1. When Joseph intreprest Pharaoh's dreams he says, Genesis 41:28:

ה֣וּא הַדָּבָ֔ר אֲשֶׁ֥ר דִּבַּ֖רְתִּי אֶל־פַּרְעֹ֑ה אֲשֶׁ֧ר הָאֱלֹהִ֛ים עֹשֶׂ֖ה הֶרְאָ֥ה אֶת־פַּרְעֹֽה׃

That is the thing which I spoke to Pharaoh: what God is about to do He has shown Pharaoh.

Then, Joseph explains to Pharaoh that there will be 7 years of plenty followed by 7 years of famine.

  1. When the brothers come to Egypt, Joseph says:

Genesis 45:6:

כִּי־זֶ֛ה שְׁנָתַ֥יִם הָרָעָ֖ב בְּקֶ֣רֶב הָאָ֑רֶץ וְעוֹד֙ חָמֵ֣שׁ שָׁנִ֔ים אֲשֶׁ֥ר אֵין־חָרִ֖ישׁ וְקָצִּֽיר׃

For these two years has the famine been in the land; and there are yet five years, in which there shall be neither plowing nor harvest.

What he tells his brothers concurs with how he interpreted Pharaoh's dream. 2 years have past another 5 years - a total of 7 years.

  1. But, later, we see that the Egyptians come at the 2nd year of the famine, and ask Joseph for food, Joseph says:

Genesis 47:23:

וַיֹּ֤אמֶר יוֹסֵף֙ אֶל־הָעָ֔ם הֵן֩ קָנִ֨יתִי אֶתְכֶ֥ם הַיּ֛וֹם וְאֶת־אַדְמַתְכֶ֖ם לְפַרְעֹ֑ה הֵֽא־לָכֶ֣ם זֶ֔רַע וּזְרַעְתֶּ֖ם אֶת־הָאֲדָמָֽה׃

Then Joseph said unto the people: ‘Behold, I have bought you this day and your land for Pharaoh. Lo, here is seed for you, and ye shall sow the land.

Q - If the famine was supposed to last another 5 years, what would sowing seeds accomplish?

A - Rash"i (among others) citing Tosefta Sotah* explains that when Jacob arrived, the famine stopped.

OK, that explains what happened, except for some puzzling contradictions:

  1. After Jacob dies, Joseph says, in Genesis 50:21:

וְעַתָּה֙ אַל־תִּירָ֔אוּ אָנֹכִ֛י אֲכַלְכֵּ֥ל אֶתְכֶ֖ם וְאֶֽת־טַפְּכֶ֑ם וַיְנַחֵ֣ם אוֹתָ֔ם וַיְדַבֵּ֖ר עַל־לִבָּֽם׃

Now don't fear; I will sustain you, and your little ones.’ And he comforted them, and spoke kindly to them.

Supposedly, the famine has ended long ago. Why does Joseph say "I will sustain you". If there's no famine, the family has food and doesn't have to rely on Joseph to sustain them. The family was wealthy and there was food available. Is this some implication that after Jacob died the remaining years of the famine returned?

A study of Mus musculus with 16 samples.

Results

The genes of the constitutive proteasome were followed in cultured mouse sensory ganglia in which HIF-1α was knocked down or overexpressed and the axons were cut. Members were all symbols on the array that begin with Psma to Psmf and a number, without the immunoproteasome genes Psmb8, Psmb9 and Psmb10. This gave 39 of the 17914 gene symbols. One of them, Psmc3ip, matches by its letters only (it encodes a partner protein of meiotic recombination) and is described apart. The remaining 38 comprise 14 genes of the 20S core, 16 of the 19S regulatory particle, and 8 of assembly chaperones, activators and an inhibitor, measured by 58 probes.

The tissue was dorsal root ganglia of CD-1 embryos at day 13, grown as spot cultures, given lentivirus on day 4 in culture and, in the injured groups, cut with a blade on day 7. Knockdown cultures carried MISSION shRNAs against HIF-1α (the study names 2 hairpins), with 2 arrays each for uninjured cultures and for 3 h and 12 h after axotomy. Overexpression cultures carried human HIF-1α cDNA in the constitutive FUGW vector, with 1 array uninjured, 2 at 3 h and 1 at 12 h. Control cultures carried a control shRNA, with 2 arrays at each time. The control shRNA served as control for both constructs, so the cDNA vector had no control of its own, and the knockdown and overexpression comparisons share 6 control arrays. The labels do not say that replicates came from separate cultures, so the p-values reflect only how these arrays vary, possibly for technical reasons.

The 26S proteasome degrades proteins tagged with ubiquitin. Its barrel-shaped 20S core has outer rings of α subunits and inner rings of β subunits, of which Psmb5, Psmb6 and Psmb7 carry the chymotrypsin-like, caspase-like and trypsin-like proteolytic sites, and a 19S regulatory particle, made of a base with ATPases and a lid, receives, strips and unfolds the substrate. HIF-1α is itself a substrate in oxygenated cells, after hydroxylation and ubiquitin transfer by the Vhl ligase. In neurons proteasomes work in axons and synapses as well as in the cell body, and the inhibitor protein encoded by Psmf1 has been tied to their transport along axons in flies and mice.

I recall seeing some meforshim also point out that after Yaakov died, the famine resumed and the remaining five years of the famine were completed. I do not recall where I saw this mentioned. Other meforshim speak of the bracha being brought by Yaakov to end the famine early as I explain below.

Rav Hirsch points out in Va'ychi 50:21

This is not to be taken as meaning that Yosef took his brothers' chief worry to be about the possibility of their material support being withdrawn or reduced. such a supposition is already refuted by וינחם אותם וידבר על לבם What this verse means is rather: "Once again have no fear that our father's death will make the slightest difference in my feelings towards you. The proof will be in your hands every day that I am and will remain exactly the same as before".

Update I should also point out that a dream interpretation is not a fixed prediction. It is usually what will happen if circumstances do not change. For example, a prediction of doom could be canceled if people do teshuvah. Here, the famine was interrupted because Yaakov Avinu brought a bracha to Egypt. Often, the dream is sent so that the dreamer can change the situation in order to fix a problem. The difficulty with this is that the attempt to change matters could cause the dream to come true.

  • Perhaps Joseph having everyone in Egypt to be circumcised lessened the decree of the dream as well..."When the famine in Egypt became severe, the Egyptians went to Joseph, crying, “Give us bread.” “Woe to me that I must feed the uncircumcised,” he exclaimed. “Go and circumcise yourselves,” he said to them." (Midrash Rabbah; Rashi) – code613 Dec 17 '15 at 3:11
  • @code613 Can you provide a link to this Midrash? I'd like to ask a follow-up. – DanF Dec 17 '15 at 15:50
  • You might also add that a bad ne'vua can sometimes be overturned unlike a good one. So the forecast for 7 good years could not be changed (without showing Joseph as a false prophet) but the 7 bad years could end early if there was a change in the Egyptian people. Perhaps Pharaoh's generous attitude towards Joseph's family even though they were shepherds helped bring about the change? – CashCow Dec 21 '15 at 13:04
  • @CashCow Agreed. However, this is a dream sent to Par'o rather than a nevua like the one sent to Yonah about Ninvei. – sabbahillel Dec 21 '15 at 15:27

In fact, Egypt is inherently different in that it doesn't depend on rain. Yaakov just blessed Pharaoh that the Nile should overflow. But nothing changed all around.

Yosef told his brothers to bring Yaakov to Egypt because the famine will last another five years. This was referring to Kenaan.

Although we might understand why the famine paused, Pharaoh and certainly the Egyptian common folk would think he was wrong.